The Truck: Hallava Falafel, 5825 Airport Way S., 307-4769
The Fare: Russo-Turkic fast food
The Stop: It must first be noted that in the short narrative of food trucks within Seattle not within the Mexican and Latin-American food tradition, Hallava Falafel is first-generation. In fact, one can say it is in its own class of O.G. status. Before the food-truck explosion, Hallava Falafel was there, striving to serve classic and authentic falafel--no "our own take," certainly no fusion--in an accessible way more affordable for the people. Founded in 2006, Hallava Falafel is now parked permanently on Airport Way South in Georgetown, across from the decrepit brick edifices that give Georgetown its signature industrial chic. Their atmospheric aesthetic, efficacy, sparse dining options, and staunch commitment to cater to the proletariat's wallet is vaguely Soviet in its discipline--it's serious business--and the food is that much more consistant and delectable because of it.The choices are simple: there's the Falafel Sandwich ($6.75) and the Shawarma Sandwich ($7.25), both of which are served on a pita and "cradled" in spinach, a Russian red relish, cabbage, and lettuce. The sandwiches are then positively smothered in light yogurt tzatziki sauce, with a slender Wild Armenian pickled cucumber embedded somewhere therein.
The result is unglamorous--as evidenced by the beauty shot above--but deeply delicious. The falafel is clearly freshly made in-house, lightly fried with such a complex compliment of spices that it's painfully evident how normalized we have become to the hardened, deep-fried, and one-note chickpea brick passing as a delicacy. While the falafel sandwich may be overloaded with tzatziki sauce--which will get everywhere, be warned--the tang of the relishes and fresh bite of the lettuce, spinach, and cabbage highlight the falafel itself. That is not even to mention the Wild Armenian pickled cucumber, which is a slender nub of awesome. It is the pickle's pickle.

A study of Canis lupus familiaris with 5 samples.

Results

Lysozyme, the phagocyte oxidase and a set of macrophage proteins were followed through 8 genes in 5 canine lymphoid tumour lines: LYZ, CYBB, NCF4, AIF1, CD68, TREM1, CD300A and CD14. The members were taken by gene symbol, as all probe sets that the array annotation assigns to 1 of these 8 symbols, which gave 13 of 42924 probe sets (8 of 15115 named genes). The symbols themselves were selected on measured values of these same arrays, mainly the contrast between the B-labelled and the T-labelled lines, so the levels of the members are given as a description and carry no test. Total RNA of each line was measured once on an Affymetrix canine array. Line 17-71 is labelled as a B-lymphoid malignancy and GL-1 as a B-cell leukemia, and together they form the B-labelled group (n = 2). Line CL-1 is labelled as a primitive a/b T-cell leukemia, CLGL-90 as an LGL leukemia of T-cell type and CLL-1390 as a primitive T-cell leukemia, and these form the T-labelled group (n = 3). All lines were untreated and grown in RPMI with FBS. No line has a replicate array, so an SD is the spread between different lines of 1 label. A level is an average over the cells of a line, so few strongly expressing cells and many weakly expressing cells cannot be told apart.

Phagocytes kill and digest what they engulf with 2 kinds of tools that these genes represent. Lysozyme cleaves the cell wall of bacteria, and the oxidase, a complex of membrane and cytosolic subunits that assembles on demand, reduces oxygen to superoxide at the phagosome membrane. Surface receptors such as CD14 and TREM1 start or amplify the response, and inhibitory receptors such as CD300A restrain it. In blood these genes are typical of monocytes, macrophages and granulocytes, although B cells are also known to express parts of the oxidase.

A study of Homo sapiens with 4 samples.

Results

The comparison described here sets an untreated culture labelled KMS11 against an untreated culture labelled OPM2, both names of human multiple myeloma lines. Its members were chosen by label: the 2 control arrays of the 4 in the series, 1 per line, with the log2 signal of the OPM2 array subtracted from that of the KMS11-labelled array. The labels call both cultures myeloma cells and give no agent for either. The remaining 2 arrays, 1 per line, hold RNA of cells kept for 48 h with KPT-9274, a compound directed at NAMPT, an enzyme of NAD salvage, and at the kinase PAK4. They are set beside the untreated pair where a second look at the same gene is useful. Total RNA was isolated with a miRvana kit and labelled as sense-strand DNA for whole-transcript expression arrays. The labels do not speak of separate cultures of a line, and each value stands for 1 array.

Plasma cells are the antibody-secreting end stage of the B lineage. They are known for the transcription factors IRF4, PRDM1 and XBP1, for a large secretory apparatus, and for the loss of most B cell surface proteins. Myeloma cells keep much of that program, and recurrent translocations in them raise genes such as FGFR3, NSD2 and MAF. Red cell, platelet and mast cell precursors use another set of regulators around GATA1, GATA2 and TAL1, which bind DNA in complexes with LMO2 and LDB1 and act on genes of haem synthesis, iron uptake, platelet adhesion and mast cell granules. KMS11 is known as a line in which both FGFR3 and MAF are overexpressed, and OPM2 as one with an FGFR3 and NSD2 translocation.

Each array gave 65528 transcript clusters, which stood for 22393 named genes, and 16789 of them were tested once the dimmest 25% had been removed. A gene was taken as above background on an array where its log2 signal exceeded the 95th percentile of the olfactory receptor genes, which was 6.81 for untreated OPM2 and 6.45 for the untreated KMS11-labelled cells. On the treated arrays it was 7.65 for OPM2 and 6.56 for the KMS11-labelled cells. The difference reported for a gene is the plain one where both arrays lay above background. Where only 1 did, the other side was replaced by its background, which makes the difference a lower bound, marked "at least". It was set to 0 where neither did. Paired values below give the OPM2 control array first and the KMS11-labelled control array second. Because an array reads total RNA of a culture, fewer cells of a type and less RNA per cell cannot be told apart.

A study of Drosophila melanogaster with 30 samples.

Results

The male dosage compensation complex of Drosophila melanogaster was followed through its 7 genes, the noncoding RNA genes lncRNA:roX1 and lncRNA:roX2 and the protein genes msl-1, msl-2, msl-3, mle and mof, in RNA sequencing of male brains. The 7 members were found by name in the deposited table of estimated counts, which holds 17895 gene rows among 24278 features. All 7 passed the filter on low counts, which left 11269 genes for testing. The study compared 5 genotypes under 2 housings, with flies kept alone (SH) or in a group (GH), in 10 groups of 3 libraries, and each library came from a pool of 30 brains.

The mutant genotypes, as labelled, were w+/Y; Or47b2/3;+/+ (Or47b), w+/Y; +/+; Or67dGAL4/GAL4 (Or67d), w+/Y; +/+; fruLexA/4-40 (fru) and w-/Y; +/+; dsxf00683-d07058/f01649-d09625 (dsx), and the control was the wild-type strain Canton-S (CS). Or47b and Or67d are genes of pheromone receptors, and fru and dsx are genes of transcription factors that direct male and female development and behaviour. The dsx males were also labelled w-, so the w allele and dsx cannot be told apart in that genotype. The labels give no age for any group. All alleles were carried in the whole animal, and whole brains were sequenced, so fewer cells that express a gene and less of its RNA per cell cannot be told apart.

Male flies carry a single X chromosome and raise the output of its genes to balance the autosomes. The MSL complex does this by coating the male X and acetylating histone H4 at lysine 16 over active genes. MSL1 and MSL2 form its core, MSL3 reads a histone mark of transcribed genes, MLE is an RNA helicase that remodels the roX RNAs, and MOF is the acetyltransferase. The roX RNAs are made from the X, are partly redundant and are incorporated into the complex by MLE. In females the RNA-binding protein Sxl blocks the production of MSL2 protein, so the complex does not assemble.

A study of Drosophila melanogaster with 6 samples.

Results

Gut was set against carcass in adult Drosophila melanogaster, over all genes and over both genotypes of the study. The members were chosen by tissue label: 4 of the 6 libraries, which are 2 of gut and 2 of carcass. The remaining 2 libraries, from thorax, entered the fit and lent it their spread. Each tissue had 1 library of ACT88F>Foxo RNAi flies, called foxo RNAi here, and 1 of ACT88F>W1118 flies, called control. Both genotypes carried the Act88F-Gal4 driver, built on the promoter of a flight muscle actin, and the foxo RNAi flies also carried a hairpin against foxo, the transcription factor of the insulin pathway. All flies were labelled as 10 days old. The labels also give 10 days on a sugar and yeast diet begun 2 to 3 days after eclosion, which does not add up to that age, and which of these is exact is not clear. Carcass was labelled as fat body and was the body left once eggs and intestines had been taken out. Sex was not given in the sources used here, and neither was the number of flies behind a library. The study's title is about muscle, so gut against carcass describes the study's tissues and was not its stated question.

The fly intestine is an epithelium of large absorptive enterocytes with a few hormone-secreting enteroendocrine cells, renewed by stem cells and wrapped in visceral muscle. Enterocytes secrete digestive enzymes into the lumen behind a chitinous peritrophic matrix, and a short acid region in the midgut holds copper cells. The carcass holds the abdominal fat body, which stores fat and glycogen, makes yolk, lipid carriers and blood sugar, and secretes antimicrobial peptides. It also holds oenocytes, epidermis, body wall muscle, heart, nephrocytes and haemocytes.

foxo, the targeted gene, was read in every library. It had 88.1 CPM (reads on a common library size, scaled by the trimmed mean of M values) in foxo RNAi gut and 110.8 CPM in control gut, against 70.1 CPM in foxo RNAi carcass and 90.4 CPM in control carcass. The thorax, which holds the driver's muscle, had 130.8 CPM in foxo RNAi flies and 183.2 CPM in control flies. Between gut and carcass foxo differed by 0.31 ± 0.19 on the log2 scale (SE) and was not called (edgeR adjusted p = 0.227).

The shawarma--the traditional "blend" of meats grilled in an oblong stack upon a vertical spit--features lamb and beef, and was slow-cooked and seasoned to a T, although a bit lukewarm. Which is better is up to you: The falafel has a bolder flavor, while the shawarma holds it down with its rich meatiness. Both sandwiches boast a variety of tasty elements without tasting like a clusterf*ck.
The third and last menu item featured at Hallava is their "Double Dropped Fries" ($4.25) served with tzatziki sauce and secret seasoning. I did not partake of the fries, but they are a veritable pile: thinly cut, double-fried. If you're into that kind of thing, they are quite the sandwich complement; plan on arriving to Hallava Falafel starving, as I could barely finish my sandwich as it was.
They have built an atmosphere awning with a row of chairs to wait and eat on, a utilitarian arrangement that keeps the local crowd flowing and fed. It is worth it to eat there with a spread of napkins on your lap; otherwise, transport the sandwich carefully to a place with a forgiving eating surface. While the truck may be mobile, this is not a sandwich to eat on the road.
Vitmo: The People's Cherry Soda
One last highlight was "Vimto: Fruit Flavored Drink," a can of carbonated cherry soda that is reportedly very popular throughout the Middle East and Europe. Although most cherry-flavored products remind me of cough syrup, this soda was a sweet, refreshing accompaniment to my statement of a sandwich.